By Debra Meiburg MW

While the world turns its thoughts and good wishes to Chile as we wait anxiously for the safe rescue of the trapped miners, we thought it would be a good time to discuss Chilean wine and give you a glimpse into what these men and their families might be celebrating with!

Chile has some of the world’s most spectacular vineyards. Bounded by the Atacama desert, the Pacific Ocean, snow-capped Andes and southern ice fields, this is the only wine region where both cacti and snow are interspersed amongst vines.

As with most of the Americas, grapes were first planted in Chile by Catholic missionaries in the 16th century, followed by the Spanish conquistadors. These days, the United States is Chile’s largest market, followed by the United Kingdom, Canada and Japan. The country’s wines are highly successful in Hong Kong too because of their excellent value and consistent quality. They aren’t all inexpensive quaffers, with some, such as the Montes Alpha “M”, in the top-dollar bracket.

Chilean districts and producers can be tongue twisters, such the Aconcagua, Colchagqua, Panquehue or Cauquenes valleys.
The Aconcagua Valley (Ah-con-kah-gwa) is the warmest of Chile’s wine producing regions. Its production is limited to the estate of highly respected Viña Errazuriz, which was one of the earliest wineries established in Chile some 130 years ago.

A little closer to the cooling breezes of the Pacific Ocean is Chile’s youngest wine region, the Casa Blanca Valley, which specialized in white wines, particularly Chardonnay and Sauvignon Blanc.

Maipo Valley produces most of the red wine we see on the Hong Kong market. the city. And just south of Maipo is the Rapel Valley, which is home to the well-respected Colchagua (Kohl-cha-gwa) district.

Wine enthusiasts are not the only people to notice Chile’s vineyards. Famed international producers have invested heavily in Chile’s versatile climate. In 1988, Bordeaux’s Lafite Rothschild established a winery in Chile called Viña Los Vascos who produces classic old-world-style wine.

Mondavi, another well-known international player, linked up with the Errazuriz family to produce the delicious Seña. Alexandra Marnier-Laspostolle of Grand Marnier fame established Casa Lapostolle, and Spain’s Miguel Torres’ produces some of the finest wine from Chile with its Manso de Velasco.
Chile specializes in the classic red grape varieties: Pinot Noir, Cabernet Sauvignon and Merlot. Chile has had particular success with its Merlot, so it came as quite a shock a few years ago to discover through DNA testing that Chile’s spicy Merlot wasn’t Merlot at all, but a little known variety called Carmenère. For a taste of this singular variety, try MontGras, Carmenère.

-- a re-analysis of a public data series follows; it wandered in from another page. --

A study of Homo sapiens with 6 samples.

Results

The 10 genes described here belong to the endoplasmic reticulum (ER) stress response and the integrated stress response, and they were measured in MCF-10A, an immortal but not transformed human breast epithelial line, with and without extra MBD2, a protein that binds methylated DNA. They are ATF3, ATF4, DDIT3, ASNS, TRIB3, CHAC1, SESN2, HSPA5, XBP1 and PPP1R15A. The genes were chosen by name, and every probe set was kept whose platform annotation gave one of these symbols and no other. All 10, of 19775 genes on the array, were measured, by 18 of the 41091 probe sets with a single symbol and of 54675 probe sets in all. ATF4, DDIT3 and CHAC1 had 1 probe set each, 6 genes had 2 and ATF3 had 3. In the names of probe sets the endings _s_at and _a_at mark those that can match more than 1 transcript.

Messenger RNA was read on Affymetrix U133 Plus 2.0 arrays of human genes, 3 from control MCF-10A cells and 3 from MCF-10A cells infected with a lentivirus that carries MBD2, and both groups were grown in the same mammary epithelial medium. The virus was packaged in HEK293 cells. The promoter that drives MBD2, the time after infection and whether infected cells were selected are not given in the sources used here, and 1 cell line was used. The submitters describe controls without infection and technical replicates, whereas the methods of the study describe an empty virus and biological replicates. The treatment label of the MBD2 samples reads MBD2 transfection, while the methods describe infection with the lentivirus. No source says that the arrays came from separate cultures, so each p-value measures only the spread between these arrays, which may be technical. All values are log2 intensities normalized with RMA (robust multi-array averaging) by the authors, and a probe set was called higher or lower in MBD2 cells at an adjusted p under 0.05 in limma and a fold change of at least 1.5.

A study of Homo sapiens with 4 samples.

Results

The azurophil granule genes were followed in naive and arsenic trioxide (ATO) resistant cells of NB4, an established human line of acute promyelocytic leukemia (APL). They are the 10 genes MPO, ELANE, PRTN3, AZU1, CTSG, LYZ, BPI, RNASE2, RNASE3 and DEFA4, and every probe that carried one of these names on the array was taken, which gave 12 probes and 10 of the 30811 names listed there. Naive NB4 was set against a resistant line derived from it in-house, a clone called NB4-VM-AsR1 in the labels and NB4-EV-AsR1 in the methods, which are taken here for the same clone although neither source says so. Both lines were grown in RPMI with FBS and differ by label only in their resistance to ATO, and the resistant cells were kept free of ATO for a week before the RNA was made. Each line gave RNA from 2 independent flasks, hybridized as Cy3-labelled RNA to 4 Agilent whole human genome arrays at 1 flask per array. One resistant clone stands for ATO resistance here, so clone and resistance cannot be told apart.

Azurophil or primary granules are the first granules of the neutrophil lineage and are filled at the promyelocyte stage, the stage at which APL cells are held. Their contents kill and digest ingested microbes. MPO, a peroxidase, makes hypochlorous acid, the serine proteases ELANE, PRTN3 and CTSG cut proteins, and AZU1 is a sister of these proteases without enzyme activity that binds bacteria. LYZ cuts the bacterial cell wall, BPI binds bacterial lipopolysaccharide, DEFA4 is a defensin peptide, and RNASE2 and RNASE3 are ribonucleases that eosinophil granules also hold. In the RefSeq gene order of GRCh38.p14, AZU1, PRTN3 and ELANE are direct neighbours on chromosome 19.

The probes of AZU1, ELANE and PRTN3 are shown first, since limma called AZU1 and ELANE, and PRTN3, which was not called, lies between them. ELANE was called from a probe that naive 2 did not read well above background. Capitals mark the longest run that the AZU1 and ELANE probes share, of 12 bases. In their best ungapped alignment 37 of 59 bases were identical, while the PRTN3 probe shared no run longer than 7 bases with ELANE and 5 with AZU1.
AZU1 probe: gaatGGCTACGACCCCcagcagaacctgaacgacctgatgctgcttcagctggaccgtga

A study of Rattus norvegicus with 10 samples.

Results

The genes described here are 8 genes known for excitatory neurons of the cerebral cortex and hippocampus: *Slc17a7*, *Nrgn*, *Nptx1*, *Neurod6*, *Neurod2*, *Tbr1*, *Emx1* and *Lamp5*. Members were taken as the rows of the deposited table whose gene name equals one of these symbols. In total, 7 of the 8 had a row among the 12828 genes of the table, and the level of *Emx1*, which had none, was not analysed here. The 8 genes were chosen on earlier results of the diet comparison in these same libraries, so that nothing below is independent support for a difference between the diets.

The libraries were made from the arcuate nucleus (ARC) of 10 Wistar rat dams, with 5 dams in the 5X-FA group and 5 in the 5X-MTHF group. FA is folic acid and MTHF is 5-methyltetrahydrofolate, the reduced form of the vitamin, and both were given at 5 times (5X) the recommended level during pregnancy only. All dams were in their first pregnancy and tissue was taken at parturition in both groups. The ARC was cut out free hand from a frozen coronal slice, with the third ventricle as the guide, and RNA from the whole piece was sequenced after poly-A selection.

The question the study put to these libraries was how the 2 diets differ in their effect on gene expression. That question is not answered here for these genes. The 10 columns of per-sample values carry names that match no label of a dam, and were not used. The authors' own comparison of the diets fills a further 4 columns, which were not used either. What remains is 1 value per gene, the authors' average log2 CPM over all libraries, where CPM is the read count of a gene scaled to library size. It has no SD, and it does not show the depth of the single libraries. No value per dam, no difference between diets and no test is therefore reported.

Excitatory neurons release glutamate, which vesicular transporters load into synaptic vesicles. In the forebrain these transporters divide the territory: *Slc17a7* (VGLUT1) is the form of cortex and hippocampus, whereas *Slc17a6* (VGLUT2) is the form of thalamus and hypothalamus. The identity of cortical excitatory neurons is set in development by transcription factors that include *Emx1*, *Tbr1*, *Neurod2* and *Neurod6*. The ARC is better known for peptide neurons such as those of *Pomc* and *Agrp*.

Comments 4 Comments for “Chile Above Ground”
  1. Ryan Reichert on 10.13.10 at 11:16

    Great article Debra. Very informative in just the right amount. I love Chilean wines … they’re some of the ones that I started on when getting into wine in the first place!

  2. information technology on 12.20.10 at 06:41

    My cousin recommended this blog and she was totally right keep up the fantastic work!

  3. DingoDogg on 12.27.10 at 22:57

    Hola, ЎGracias! Ahora me irй en este blog cada dнa!

    DingoDogg

  4. Almir Neto on 01.04.11 at 09:00

    Some wines from Chile are already stored in my cellar and I’ve been enjoying Chilean wines in the last ten years. Almaviva, Clos Apalta and Montes M are great red wines that I like very much. I like the harmony of Almaviva (still young – 5 to 7 years old) and Steak Au Poivre. It is powerful enough to be in harmony with the Poivre sauce or with a pasta with white truffes. The marriage of Clos Apalta and Ravioli au Poireaux is also remarkable. Casa Silva Carmenere Gran Reserva is perfect to follow a Paella. Amayna Sauvignon Blanc is the white Chilean wine that I prefer to start a party or to offer together with a well prepared fish. Despite their high quality, prices are at least 50% lower than a good Bordeaux in Brazil. It does not mean these outstanding Chilean wines are as good as a Clos D’Estournel or L”Angelus, but they are not far away. For a social and non sophisticated event when it is better to offer an easy drink, we can find in Chile many good and very affordable wines, like Marques Casa Y Concha, Seña, Montes Alfa, just to mention a few of them.
    I hope my comments will help your followers to enjoy even more Chilean wines.